With the recent opening of the first Banyan Tree resort to debut in Malaysia, Banyan Tree Kuala Lumpur was excited to announce its key appointment of Colin Rozario, director of human resources, who will oversee the hotel’s full spectrum of human resources including talent acquisition, employee engagement, and workforce and succession planning.
With a growing team of team of four in the HR department currently, this hospitality expert speaks to Human Resources on the adventure that awaits in his role.
Congratulation on the appointment! What would your immediate priority be in this role?
My immediate priority with Banyan Tree Kuala Lumpur would be to ensure Banyan Tree’s unique culture is actualised within the context of Malaysia. We are also focused on identifying and bringing on board the right talent who meet our expectations, and who have the personal traits that are in sync with the Banyan Tree culture.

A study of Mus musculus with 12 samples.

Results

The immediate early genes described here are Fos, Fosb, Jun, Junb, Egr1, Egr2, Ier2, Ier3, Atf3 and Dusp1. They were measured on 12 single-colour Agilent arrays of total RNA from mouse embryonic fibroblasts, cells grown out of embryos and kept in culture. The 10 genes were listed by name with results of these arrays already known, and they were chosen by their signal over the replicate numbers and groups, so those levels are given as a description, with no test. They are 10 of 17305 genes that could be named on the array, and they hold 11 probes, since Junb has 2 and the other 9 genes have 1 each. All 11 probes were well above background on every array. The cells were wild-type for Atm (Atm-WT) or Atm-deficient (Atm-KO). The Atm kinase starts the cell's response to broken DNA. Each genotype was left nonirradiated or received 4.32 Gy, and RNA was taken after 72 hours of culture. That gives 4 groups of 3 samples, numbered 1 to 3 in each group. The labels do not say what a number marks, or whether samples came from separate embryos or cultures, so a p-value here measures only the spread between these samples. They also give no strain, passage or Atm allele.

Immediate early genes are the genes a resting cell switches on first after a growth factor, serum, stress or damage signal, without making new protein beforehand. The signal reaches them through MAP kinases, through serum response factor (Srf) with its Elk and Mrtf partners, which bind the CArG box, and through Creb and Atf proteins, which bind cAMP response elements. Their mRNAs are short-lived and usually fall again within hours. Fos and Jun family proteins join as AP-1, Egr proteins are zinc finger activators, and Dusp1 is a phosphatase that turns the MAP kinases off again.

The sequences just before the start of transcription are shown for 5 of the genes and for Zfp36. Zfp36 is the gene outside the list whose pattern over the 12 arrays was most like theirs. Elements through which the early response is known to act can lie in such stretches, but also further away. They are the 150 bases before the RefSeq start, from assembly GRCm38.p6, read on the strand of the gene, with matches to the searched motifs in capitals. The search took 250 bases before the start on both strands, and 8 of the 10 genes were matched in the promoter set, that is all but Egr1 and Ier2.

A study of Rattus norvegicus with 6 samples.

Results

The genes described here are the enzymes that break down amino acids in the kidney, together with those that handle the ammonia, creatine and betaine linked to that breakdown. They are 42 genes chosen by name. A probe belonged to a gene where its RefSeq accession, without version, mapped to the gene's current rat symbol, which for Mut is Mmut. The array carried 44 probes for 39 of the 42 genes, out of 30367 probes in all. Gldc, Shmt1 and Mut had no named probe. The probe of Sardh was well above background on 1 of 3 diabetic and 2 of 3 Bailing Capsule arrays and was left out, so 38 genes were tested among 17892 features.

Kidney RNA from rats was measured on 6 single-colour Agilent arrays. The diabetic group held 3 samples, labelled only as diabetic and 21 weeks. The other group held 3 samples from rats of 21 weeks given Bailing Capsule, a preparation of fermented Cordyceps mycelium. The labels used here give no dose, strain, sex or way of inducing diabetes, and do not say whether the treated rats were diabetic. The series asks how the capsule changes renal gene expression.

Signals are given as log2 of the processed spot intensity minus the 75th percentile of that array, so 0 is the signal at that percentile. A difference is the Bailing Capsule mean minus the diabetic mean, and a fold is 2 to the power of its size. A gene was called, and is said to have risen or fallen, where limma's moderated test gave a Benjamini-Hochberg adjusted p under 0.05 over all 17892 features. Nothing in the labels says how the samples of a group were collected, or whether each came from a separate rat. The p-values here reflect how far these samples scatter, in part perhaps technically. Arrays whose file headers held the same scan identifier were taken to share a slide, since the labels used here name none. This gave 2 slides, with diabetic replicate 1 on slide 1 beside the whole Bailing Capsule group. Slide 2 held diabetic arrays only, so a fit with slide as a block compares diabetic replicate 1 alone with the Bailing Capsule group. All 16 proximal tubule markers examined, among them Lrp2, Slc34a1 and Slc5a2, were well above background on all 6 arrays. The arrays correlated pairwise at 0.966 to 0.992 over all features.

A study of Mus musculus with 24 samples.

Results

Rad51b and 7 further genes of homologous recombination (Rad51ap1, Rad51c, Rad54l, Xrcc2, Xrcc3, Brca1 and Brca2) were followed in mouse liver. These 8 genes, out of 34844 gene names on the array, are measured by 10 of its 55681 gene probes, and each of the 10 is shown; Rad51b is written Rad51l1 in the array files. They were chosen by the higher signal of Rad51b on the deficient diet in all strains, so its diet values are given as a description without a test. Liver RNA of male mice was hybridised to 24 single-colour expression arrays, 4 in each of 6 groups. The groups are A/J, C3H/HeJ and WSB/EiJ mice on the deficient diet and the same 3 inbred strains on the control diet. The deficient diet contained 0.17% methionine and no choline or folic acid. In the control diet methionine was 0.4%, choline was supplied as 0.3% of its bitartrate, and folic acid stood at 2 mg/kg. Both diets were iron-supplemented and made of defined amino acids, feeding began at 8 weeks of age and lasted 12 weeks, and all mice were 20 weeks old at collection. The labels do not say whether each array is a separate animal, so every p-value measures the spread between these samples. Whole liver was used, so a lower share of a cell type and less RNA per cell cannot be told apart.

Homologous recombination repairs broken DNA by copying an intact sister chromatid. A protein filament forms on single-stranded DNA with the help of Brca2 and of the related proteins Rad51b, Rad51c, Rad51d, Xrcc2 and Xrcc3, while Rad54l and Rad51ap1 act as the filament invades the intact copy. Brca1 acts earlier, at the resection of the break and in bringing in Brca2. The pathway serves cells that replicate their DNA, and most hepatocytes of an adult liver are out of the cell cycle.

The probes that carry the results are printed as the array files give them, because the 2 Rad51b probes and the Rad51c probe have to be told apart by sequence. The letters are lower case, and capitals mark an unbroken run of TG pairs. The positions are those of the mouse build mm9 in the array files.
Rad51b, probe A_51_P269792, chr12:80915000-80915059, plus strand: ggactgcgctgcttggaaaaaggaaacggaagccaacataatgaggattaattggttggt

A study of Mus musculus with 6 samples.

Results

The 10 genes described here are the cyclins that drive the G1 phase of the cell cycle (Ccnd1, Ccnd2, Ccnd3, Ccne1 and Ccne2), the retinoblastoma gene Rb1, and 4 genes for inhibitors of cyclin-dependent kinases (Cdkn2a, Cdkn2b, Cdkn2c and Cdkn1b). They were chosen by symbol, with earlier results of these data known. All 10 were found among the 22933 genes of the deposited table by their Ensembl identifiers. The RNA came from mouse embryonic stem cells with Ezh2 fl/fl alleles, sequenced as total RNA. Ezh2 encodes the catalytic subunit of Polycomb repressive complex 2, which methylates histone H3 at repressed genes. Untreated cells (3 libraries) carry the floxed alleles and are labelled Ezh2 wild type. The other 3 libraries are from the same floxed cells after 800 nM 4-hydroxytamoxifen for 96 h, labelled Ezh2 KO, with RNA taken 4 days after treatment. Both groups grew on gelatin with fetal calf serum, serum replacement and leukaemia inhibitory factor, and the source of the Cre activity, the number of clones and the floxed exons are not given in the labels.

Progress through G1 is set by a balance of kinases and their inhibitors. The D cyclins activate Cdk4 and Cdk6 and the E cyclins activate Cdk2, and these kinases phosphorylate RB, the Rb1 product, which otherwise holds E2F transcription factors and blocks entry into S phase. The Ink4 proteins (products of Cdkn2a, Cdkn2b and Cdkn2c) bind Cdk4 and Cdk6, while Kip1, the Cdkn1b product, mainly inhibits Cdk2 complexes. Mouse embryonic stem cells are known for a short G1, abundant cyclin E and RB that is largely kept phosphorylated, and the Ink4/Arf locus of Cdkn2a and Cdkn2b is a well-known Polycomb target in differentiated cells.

Talk about culture, how would you describe the culture at Banyan Tree Kuala Lumpur?
Banyan Tree has a culture that is driven to provide exceptional service to guests. We also take pride in developing local talent to embrace diversity and inclusion (in the Malaysian context), and to uphold the idea of travel with a conscience of our environment and the local community.
What would you say is the most challenging part of your job?
The most challenging part of our jobs is identifying and bringing on board the right talent that matches not only the nature of work, but also fit into the Banyan Tree culture.
On the other hand, what would you say is the biggest pride of your job?
My biggest pride is feeling and seeing the existing team embracing diversity and inclusion in their work ethics, and growing as a cohesive team that embodies the Banyan Tree Spirit and culture.
How do you see the job market growth for talent in the hospitality industry in Malaysia?
The hospitality industry in Malaysia is a growing industry where success hinges on a stable and viable economy. With this, we have seen the number of top International Hotel Brands coming into Malaysia just like Banyan Tree.
While Malaysia does have a sizable talent pool, in terms of quality, talent and capabilities, this talent pool is quite shallow. I do believe that it has become an “employees’ market”, where because of the job options available, local talent do scout for opportunities. That being said, the onus is on Hotels to develop employer branding, just like what Banyan Tree does, to develop and grow talent.